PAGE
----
Friday, June 21, 2024


THE STORY – Focuses on the life and work of Von Furstenberg, who created a name for herself in a field that was predominantly male and amassed a multi-million dollar fashion empire.

THE CAST – Diane von Furstenberg

THE TEAM – Sharmeen Obaid-Chinoy & Trish Dalton (Directors)


Diane von Furstenberg is a remarkable woman. Born in Belgium to a Holocaust survivor, the striking, vivacious young woman caught the eye of a German prince who married her in spite of her background. At a time when women did not own their own businesses, she started her own fashion line on the back of her iconic wrap dress, which has been a mainstay in the wardrobes of fashionable women since it debuted.

Later in life, after becoming a staple of the New York City social scene, von Furstenberg gave some class to QVC by creating a line of products for them, cementing her as an icon of American fashion. Her European heritage granted her an intercontinental aura that the easy elegance of her personal style (and royal first marriage) only heightened. At 77 years old, she remains the very picture of glamour, which is why watching her put on makeup while sitting in her bathroom sink early in Trish Dalton and Sharmeen Obaid-Chinoy’s documentary, “Diane von Furstenberg: Woman in Charge” feels like such a thrill. It’s not something you would ever imagine her doing, yet it looks perfectly natural and even a little bit glamorous. Von Furstenberg has always done what she wanted with little care for what others said about it, and this image is a perfect encapsulation of that ethos. That initial thrill wears off quickly, though, and while von Furstenberg is a delight to spend time with, this film disappointingly never rises above the standard formula for celebrity biographical documentaries.

That’s not to say that “Woman in Charge” doesn’t have its merits. In many ways, it feels like an extension of the DVF brand, especially in the “lookbook”-style images that transition between chapters. Using archival pictures and footage from von Furstenberg’s personal and business archives adds to the authenticity and feeling of discovery. The filmmakers even find ways to use signature DVF prints throughout, keeping the aesthetic as close to von Furstenberg’s own as possible. This is only one way a documentarian can stay true to their subject, though, and while the film’s style may match her own, it lacks her boldness and penchant for bucking convention. Women didn’t have their own clothing lines when von Furstenberg started hers, and she didn’t know much (if anything) about the business. That didn’t stop her from blazing a trail forward, and one can’t help but wish that the film about her found an exciting way to capture that trailblazing spirit.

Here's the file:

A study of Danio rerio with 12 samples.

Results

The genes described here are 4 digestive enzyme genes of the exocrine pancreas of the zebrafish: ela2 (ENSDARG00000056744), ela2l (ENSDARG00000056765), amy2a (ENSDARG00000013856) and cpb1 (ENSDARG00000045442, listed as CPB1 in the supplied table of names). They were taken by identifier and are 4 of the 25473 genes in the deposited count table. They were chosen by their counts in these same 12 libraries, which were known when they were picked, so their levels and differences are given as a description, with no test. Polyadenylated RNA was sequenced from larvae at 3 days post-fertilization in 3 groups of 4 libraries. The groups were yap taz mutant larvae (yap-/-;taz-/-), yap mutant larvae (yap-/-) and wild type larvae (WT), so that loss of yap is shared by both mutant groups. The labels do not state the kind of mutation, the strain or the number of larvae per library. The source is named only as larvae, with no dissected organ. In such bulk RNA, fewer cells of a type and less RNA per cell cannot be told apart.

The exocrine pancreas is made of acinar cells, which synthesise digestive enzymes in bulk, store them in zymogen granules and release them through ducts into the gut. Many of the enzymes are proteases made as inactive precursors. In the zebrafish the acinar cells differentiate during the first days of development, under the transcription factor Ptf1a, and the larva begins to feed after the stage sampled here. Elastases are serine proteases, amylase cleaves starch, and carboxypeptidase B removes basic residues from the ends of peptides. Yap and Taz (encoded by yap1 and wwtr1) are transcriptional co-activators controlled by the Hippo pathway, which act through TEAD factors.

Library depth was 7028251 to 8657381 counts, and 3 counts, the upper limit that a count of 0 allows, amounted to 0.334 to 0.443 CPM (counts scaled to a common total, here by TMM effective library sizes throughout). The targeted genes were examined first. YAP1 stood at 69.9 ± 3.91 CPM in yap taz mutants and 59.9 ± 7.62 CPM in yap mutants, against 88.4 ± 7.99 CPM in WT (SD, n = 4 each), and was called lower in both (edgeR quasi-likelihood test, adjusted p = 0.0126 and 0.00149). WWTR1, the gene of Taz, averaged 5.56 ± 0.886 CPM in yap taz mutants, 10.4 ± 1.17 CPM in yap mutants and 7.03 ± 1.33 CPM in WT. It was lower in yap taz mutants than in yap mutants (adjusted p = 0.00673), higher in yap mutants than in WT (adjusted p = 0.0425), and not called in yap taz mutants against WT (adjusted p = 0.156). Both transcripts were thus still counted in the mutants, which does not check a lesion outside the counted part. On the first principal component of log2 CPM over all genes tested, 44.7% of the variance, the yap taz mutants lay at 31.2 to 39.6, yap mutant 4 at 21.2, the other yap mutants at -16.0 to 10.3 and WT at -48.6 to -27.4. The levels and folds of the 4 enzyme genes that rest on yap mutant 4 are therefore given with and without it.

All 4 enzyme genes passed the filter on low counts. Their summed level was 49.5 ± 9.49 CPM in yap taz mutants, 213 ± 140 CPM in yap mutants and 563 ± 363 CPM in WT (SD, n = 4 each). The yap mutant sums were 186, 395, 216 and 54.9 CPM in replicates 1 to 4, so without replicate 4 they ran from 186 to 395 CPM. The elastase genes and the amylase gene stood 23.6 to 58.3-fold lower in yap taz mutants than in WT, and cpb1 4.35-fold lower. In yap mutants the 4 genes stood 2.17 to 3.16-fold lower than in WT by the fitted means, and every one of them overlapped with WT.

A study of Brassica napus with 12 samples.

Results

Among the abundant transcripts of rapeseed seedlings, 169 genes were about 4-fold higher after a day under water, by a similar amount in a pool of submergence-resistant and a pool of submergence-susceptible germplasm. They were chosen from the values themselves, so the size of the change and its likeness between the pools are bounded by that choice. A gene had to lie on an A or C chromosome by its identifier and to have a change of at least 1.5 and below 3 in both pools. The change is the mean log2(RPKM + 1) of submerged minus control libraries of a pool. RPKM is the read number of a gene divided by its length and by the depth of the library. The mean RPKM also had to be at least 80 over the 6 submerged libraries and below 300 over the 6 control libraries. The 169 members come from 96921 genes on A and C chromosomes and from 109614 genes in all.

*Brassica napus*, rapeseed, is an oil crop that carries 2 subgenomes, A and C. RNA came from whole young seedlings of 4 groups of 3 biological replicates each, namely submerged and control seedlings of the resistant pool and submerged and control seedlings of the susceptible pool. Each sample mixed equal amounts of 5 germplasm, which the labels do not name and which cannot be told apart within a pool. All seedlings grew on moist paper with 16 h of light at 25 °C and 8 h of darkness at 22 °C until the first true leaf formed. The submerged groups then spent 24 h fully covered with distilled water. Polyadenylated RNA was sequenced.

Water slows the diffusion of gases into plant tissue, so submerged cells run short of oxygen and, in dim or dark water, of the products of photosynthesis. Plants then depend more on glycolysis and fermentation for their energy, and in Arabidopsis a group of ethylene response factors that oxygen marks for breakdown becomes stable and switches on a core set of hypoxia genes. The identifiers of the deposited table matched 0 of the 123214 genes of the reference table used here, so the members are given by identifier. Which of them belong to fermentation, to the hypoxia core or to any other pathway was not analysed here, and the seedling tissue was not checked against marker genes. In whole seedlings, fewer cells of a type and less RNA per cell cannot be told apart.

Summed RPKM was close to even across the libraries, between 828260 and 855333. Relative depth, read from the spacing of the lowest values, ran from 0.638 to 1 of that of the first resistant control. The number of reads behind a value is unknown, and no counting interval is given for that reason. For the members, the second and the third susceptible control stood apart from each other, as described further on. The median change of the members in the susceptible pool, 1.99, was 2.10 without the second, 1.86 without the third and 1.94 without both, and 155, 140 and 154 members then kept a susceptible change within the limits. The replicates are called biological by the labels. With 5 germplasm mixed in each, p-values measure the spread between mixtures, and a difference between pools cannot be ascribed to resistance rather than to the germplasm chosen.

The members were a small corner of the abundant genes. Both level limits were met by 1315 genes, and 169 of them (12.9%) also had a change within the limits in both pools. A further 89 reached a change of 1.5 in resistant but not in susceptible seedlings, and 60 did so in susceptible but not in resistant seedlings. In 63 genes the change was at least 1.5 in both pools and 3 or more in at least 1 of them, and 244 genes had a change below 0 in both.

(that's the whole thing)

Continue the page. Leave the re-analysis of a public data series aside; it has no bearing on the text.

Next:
“Woman in Charge” sticks pretty firmly to the tried-and-true formula for biographical documentaries about famous public figures, trotting out as many talking heads as the filmmakers can get their hands on to offer their personal insights into the subject’s life. The problem here is that many interviewees may have big names but offer nothing to the story that the audience can’t glean from listening to von Furstenberg and her family, who obviously know her best. It’s great that she’s good enough friends with Hillary Clinton and Seth Meyers that they would appear in a documentary about her. Still, they don’t actually contribute much that feels unique to their relationship with von Furstenberg. Their screen time could have easily been given over to DVF employees who could testify to her struggles and successes as a business owner. Still, the list of interview subjects is pretty exhaustive otherwise. They cover an impressive amount of ground while still leaving time for fun diversions like some footage of the von Furstenbergs at Studio 54 and upper-class Manhattan social events, which give a fuller picture of the world in which they lived.

The film’s strongest asset, by far, is von Furstenberg herself. The septuagenarian’s undying charisma makes it difficult to look away from the screen, and the film’s punchy editing keeps the story moving even when she gets reflective. She reflects on her life with impressive candor, unafraid to hold herself accountable and unwilling to shy away from difficult emotions. Her second husband, Barry Diller, children Alexander and Tatiana, and grandchildren all share their matriarch’s frankness, alleviating a bit of the film’s hero worship. Their collective lack of fear and shame in talking about their struggles gives the film the kick it needs to have some staying power – even if it can’t hold a candle to the phenomenal woman whose life it depicts.


THE GOOD - This entertaining bio-doc leaves no stone unturned in its examination of the life of the iconic fashion designer.

THE BAD - There are too many interviews of celebrities credited as "Friend" that don't add any unique insights. The film does nothing even slightly interesting with the basic bio-doc format.



Dan Bayer
Performer since birth, tap dancer since the age of 10. Life-long book, film and theatre lover.